When resolutions cause dissatisfaction

As we approach the end of the year we are surrounded by voices which encourage us to reflect on how we have done and make changes. While some reflection may be good, it usually falls into the “I am not good enough” category and “I should be otherwise”, a variation of the judgmental thoughts which we try to let pass through in practice. Ajahn Sumedho’s words here are the perfect response to this tendency, simply noting thoughts, even worthy ones, as thoughts, which pass away, and reminding ourselves to stay close to how life actually is, and not our judgments about it.

If you listen to yourself very much you can sometimes hear such statements as, “I should do this but I shouldn’t do that”, “I should be this way, I shouldn’t be that way,” or that the world should be other than it is, our parents should be this way or that way, and shouldn’t be the way they are. So we have this particular verb tense ringing through our minds because we have an idea of what shouldn’t be or should be. Our tendency is to try to become something, and so we set a goal, create an ideal of what we would like to become. Maybe we think society should be other than it is. People should be kind, generous, understanding, loving, there should be brotherhood and people shouldn’t be selfish. The government should have wise leaders, the world should be at peace and so forth. But the world is as it is at this moment in time and things are as they are. When we don’t understand this then we are struggling. So listen inwardly to yourselves, to the constant crying, ‘I am this way, I am not this way,’ and penetrate this ‘I am, I am not’ with awareness.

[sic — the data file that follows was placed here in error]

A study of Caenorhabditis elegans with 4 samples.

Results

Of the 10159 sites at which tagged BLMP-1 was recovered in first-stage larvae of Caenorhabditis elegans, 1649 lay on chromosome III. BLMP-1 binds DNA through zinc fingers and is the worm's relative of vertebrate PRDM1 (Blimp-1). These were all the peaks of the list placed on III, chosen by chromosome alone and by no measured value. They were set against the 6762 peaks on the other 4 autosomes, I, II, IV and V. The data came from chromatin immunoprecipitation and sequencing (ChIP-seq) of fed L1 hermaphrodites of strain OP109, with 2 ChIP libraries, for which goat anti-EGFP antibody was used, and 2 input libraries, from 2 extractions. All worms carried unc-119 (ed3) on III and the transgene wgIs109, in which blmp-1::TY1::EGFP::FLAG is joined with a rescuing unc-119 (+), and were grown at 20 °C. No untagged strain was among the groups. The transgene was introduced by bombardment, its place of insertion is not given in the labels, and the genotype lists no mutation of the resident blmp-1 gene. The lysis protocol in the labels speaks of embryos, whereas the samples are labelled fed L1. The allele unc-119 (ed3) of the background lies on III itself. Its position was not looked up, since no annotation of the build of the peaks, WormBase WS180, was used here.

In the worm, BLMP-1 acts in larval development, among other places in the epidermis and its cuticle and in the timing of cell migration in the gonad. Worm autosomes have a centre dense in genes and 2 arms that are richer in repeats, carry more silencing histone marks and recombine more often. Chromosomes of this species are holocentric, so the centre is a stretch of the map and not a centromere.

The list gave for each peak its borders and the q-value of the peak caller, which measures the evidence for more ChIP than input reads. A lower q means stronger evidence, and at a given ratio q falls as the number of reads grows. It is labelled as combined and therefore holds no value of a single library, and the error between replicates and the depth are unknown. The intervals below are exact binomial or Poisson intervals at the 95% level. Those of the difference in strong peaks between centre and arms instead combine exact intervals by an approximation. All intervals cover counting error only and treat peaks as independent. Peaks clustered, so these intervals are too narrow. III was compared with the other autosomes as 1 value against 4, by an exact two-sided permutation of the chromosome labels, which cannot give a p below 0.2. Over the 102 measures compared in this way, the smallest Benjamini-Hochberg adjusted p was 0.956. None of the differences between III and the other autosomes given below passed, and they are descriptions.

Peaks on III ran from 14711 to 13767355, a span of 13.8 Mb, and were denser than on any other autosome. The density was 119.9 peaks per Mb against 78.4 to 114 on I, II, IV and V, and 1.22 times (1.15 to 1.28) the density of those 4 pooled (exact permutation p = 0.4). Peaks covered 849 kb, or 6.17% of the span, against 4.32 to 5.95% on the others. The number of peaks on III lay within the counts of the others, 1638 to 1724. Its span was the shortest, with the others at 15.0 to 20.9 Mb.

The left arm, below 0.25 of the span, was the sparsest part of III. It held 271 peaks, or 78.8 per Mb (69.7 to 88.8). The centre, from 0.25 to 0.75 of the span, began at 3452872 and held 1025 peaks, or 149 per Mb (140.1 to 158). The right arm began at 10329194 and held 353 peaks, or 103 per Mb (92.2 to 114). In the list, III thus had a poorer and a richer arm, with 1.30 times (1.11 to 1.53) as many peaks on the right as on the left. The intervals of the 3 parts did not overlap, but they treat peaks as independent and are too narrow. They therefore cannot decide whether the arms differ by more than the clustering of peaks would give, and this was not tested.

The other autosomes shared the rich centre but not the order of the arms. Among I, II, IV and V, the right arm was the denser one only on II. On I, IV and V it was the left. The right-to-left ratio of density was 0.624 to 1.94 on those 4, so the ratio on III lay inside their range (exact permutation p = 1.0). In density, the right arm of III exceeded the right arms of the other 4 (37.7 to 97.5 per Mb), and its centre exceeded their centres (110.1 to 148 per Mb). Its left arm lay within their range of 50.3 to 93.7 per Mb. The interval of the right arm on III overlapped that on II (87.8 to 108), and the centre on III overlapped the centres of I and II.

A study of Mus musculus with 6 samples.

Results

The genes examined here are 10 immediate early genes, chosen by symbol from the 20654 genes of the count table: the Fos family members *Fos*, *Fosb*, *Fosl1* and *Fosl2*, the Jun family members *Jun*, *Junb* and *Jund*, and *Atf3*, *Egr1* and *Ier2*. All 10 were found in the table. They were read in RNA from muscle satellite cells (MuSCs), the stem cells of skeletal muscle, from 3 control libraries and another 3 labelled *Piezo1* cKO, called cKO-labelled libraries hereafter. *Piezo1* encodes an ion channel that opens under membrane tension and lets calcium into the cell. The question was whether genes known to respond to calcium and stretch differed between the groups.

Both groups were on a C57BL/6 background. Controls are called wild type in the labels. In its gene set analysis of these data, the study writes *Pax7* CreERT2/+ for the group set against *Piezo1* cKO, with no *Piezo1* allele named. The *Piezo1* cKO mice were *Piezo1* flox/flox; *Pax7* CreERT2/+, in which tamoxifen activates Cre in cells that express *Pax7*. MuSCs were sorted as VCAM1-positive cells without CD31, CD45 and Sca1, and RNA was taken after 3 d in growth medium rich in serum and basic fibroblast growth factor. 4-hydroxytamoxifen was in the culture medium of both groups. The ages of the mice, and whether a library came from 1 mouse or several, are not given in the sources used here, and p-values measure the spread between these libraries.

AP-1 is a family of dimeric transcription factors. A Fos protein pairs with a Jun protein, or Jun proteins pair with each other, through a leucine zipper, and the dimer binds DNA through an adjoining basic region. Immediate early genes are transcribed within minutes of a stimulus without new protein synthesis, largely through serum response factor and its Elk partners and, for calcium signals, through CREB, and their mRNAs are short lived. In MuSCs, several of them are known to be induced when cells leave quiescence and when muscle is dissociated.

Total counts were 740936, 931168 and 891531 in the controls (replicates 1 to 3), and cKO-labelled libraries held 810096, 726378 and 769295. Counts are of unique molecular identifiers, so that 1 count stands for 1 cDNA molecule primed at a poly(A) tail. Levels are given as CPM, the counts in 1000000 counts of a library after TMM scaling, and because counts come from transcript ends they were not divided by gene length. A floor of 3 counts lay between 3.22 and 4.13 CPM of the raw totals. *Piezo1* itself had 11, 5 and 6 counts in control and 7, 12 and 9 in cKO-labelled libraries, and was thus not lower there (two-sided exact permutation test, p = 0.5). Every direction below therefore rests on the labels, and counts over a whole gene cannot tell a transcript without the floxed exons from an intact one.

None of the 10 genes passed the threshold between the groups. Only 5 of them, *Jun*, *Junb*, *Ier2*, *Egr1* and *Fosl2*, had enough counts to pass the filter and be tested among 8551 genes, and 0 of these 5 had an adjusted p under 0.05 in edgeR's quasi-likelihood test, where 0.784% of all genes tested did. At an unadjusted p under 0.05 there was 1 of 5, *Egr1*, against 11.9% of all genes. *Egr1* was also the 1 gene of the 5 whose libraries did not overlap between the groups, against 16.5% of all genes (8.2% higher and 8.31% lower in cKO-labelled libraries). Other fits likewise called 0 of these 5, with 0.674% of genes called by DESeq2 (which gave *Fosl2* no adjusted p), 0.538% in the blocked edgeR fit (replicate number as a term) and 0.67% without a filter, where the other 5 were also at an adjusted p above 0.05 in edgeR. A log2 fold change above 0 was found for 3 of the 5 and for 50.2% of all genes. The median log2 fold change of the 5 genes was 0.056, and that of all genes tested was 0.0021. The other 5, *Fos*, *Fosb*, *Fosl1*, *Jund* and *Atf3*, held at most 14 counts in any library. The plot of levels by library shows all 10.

We tend to just react and take it for granted that all the ‘I am’ and ‘I am not’ is the truth. We create ourselves as a personality and attach to our memories. We remember the things we learned, we remember what we’ve done –  generally the more extreme things; we tend to forget more ordinary things. In meditation we are bringing awareness to the conditions of the mind here and now, just by being aware of this sense of ‘I am, I am not’. The thought ‘I am’ is an impermanent condition. The thought ‘I am not’ is an impermanent condition.

Ajahn Sumedho, Investigating the Mind

 

2 thoughts on “When resolutions cause dissatisfaction

  1. So true. Instead of making of list of what we “should” do in the new year, I find it’s much healthier to be “open” to trying new plans and ideas because our heart calls us to them (any time of the year……NOT just in January).